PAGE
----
NASDAQ:XPER) is about to trade ex-dividend in the next three days. Ex-dividend means that investors that purchase the stock on or after the 28th of August will not receive this dividend, which will be paid on the 21st of September.” data-reactid=”28″ type=”text”>Regular readers will know that we love our dividends at Simply Wall St, which is why it’s exciting to see Xperi Holding Corporation (NASDAQ:XPER) is about to trade ex-dividend in the next three days. Ex-dividend means that investors that purchase the stock on or after the 28th of August will not receive this dividend, which will be paid on the 21st of September.
Xperi Holding’s upcoming dividend is US$0.05 a share, following on from the last 12 months, when the company distributed a total of US$0.20 per share to shareholders. Last year’s total dividend payments show that Xperi Holding has a trailing yield of 1.6% on the current share price of $12.89. If you buy this business for its dividend, you should have an idea of whether Xperi Holding’s dividend is reliable and sustainable. So we need to investigate whether Xperi Holding can afford its dividend, and if the dividend could grow.
Dividends are typically paid from company earnings. If a company pays more in dividends than it earned in profit, then the dividend could be unsustainable. Xperi Holding lost money last year, so the fact that it’s paying a dividend is certainly disconcerting. There might be a good reason for this, but we’d want to look into it further before getting comfortable. Considering the lack of profitability, we also need to check if the company generated enough cash flow to cover the dividend payment. If Xperi Holding didn’t generate enough cash to pay the dividend, then it must have either paid from cash in the bank or by borrowing money, neither of which is sustainable in the long term. It distributed 25% of its free cash flow as dividends, a comfortable payout level for most companies.
here to see the company’s payout ratio, plus analyst estimates of its future dividends.” data-reactid=”36″ type=”text”>Click here to see the company’s payout ratio, plus analyst estimates of its future dividends.
Have Earnings And Dividends Been Growing?
Companies with falling earnings are riskier for dividend shareholders. If earnings decline and the company is forced to cut its dividend, investors could watch the value of their investment go up in smoke. Xperi Holding reported a loss last year, and the general trend suggests its earnings have also been declining in recent years, making us wonder if the dividend is at risk.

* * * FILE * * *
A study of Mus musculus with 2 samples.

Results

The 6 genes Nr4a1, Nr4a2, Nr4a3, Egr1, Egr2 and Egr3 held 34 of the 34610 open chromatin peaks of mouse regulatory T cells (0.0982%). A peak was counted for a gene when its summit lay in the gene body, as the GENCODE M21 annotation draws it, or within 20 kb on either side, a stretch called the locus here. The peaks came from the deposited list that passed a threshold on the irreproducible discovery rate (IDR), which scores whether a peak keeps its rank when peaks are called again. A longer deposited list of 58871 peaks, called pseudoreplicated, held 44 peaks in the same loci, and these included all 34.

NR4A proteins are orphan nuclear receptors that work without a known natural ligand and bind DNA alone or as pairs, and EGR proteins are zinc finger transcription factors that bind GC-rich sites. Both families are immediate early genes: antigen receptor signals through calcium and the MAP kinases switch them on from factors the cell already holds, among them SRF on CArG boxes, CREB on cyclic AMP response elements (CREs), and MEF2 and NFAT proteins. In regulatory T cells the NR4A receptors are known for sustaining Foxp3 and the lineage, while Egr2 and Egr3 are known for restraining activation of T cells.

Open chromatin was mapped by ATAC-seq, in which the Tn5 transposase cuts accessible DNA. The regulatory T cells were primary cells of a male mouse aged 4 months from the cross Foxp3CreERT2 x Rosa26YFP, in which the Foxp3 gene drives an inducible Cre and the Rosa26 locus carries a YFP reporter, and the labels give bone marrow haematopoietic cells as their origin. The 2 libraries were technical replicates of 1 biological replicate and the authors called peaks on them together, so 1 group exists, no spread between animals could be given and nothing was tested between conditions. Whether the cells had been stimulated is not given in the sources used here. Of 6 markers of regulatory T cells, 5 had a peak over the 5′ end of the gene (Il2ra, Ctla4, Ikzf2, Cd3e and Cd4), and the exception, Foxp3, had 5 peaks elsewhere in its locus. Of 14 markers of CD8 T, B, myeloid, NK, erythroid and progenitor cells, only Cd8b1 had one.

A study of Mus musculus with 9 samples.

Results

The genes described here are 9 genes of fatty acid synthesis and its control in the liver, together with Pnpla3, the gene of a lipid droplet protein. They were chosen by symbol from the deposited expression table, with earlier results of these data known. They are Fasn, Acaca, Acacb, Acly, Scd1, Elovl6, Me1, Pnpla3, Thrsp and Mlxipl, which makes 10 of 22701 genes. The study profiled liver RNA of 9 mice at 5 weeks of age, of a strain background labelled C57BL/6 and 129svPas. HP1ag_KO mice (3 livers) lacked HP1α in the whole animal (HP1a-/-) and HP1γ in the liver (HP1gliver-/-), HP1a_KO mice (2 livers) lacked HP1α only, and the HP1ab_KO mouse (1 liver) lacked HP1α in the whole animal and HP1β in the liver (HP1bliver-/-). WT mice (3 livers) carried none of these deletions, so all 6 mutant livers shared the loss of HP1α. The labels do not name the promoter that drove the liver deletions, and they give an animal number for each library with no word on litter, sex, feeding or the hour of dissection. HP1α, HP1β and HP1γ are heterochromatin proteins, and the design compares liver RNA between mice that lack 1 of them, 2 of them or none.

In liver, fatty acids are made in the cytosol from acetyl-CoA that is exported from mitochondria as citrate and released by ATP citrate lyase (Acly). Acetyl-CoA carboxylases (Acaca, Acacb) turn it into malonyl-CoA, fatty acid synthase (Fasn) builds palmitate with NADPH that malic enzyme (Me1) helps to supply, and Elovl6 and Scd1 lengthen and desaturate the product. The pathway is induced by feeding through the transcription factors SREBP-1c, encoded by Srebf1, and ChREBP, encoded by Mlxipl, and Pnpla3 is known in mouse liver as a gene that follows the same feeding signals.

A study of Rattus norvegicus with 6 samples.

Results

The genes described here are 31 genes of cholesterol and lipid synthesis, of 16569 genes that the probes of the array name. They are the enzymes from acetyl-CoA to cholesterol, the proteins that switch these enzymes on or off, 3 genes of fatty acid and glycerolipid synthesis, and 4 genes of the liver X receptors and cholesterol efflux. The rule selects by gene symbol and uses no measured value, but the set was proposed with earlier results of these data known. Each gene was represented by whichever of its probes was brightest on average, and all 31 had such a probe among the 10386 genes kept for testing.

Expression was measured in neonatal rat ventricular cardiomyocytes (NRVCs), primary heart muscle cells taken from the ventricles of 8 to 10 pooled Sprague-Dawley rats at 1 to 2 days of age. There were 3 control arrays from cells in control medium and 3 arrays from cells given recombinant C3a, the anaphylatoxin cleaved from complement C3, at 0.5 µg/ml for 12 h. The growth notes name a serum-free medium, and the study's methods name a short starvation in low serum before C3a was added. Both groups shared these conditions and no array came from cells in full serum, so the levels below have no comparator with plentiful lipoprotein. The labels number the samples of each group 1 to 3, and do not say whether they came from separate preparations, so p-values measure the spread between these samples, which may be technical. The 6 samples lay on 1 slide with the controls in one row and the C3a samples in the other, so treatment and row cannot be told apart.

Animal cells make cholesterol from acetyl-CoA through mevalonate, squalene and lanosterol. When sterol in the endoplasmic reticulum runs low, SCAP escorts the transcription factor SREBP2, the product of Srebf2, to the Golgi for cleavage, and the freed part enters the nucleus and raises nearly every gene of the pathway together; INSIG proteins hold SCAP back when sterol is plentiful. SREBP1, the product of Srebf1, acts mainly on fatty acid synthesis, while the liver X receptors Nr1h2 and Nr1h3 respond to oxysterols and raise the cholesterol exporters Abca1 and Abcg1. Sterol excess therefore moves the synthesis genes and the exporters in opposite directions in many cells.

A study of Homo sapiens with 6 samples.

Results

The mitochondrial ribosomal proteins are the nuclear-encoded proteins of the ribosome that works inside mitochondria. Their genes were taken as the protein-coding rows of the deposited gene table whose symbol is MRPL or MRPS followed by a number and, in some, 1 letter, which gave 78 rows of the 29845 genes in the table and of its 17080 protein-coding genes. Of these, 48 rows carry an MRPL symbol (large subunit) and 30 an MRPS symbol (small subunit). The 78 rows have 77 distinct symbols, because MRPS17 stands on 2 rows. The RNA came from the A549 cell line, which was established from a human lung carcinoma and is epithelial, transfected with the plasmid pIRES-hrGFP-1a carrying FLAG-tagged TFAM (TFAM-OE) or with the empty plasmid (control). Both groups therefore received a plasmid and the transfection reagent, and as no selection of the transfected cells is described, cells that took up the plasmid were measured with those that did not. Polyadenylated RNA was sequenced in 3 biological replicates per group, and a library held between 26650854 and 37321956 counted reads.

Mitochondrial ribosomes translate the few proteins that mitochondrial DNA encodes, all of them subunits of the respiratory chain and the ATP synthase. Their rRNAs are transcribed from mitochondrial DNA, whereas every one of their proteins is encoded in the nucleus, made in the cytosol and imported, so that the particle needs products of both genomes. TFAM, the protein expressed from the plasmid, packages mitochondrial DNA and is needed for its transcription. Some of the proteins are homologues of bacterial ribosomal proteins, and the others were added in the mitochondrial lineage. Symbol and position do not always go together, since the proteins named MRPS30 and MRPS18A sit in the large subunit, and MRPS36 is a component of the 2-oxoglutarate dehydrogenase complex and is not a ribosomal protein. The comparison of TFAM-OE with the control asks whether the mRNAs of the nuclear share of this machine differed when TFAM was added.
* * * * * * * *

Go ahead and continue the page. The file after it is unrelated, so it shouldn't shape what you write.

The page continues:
The main way most investors will assess a company’s dividend prospects is by checking the historical rate of dividend growth. Xperi Holding has seen its dividend decline 8.3% per annum on average over the past eight years, which is not great to see. While it’s not great that earnings and dividends per share have fallen in recent years, we’re encouraged by the fact that management has trimmed the dividend rather than risk over-committing the company in a risky attempt to maintain yields to shareholders.
our latest analysis on Xperi Holding’s balance sheet health here.” data-reactid=”52″ type=”text”>Get our latest analysis on Xperi Holding’s balance sheet health here.
To Sum It Up
Should investors buy Xperi Holding for the upcoming dividend? It’s hard to get used to Xperi Holding paying a dividend despite reporting a loss over the past year. At least the dividend was covered by free cash flow, however. Bottom line: Xperi Holding has some unfortunate characteristics that we think could lead to sub-optimal outcomes for dividend investors.
3 warning signs for Xperi Holding (2 are concerning) you should be aware of.” data-reactid=”55″ type=”text”>So if you’re still interested in Xperi Holding despite it’s poor dividend qualities, you should be well informed on some of the risks facing this stock. For instance, we’ve identified 3 warning signs for Xperi Holding (2 are concerning) you should be aware of.
a list of promising dividend stocks with a greater than 2% yield and an upcoming dividend.” data-reactid=”60″ type=”text”>A common investment mistake is buying the first interesting stock you see. Here you can find a list of promising dividend stocks with a greater than 2% yield and an upcoming dividend.
This article by Simply Wall St is general in nature. It does not constitute a recommendation to buy or sell any stock, and does not take account of your objectives, or your financial situation. We aim to bring you long-term focused analysis driven by fundamental data. Note that our analysis may not factor in the latest price-sensitive company announcements or qualitative material. Simply Wall St has no position in any stocks mentioned.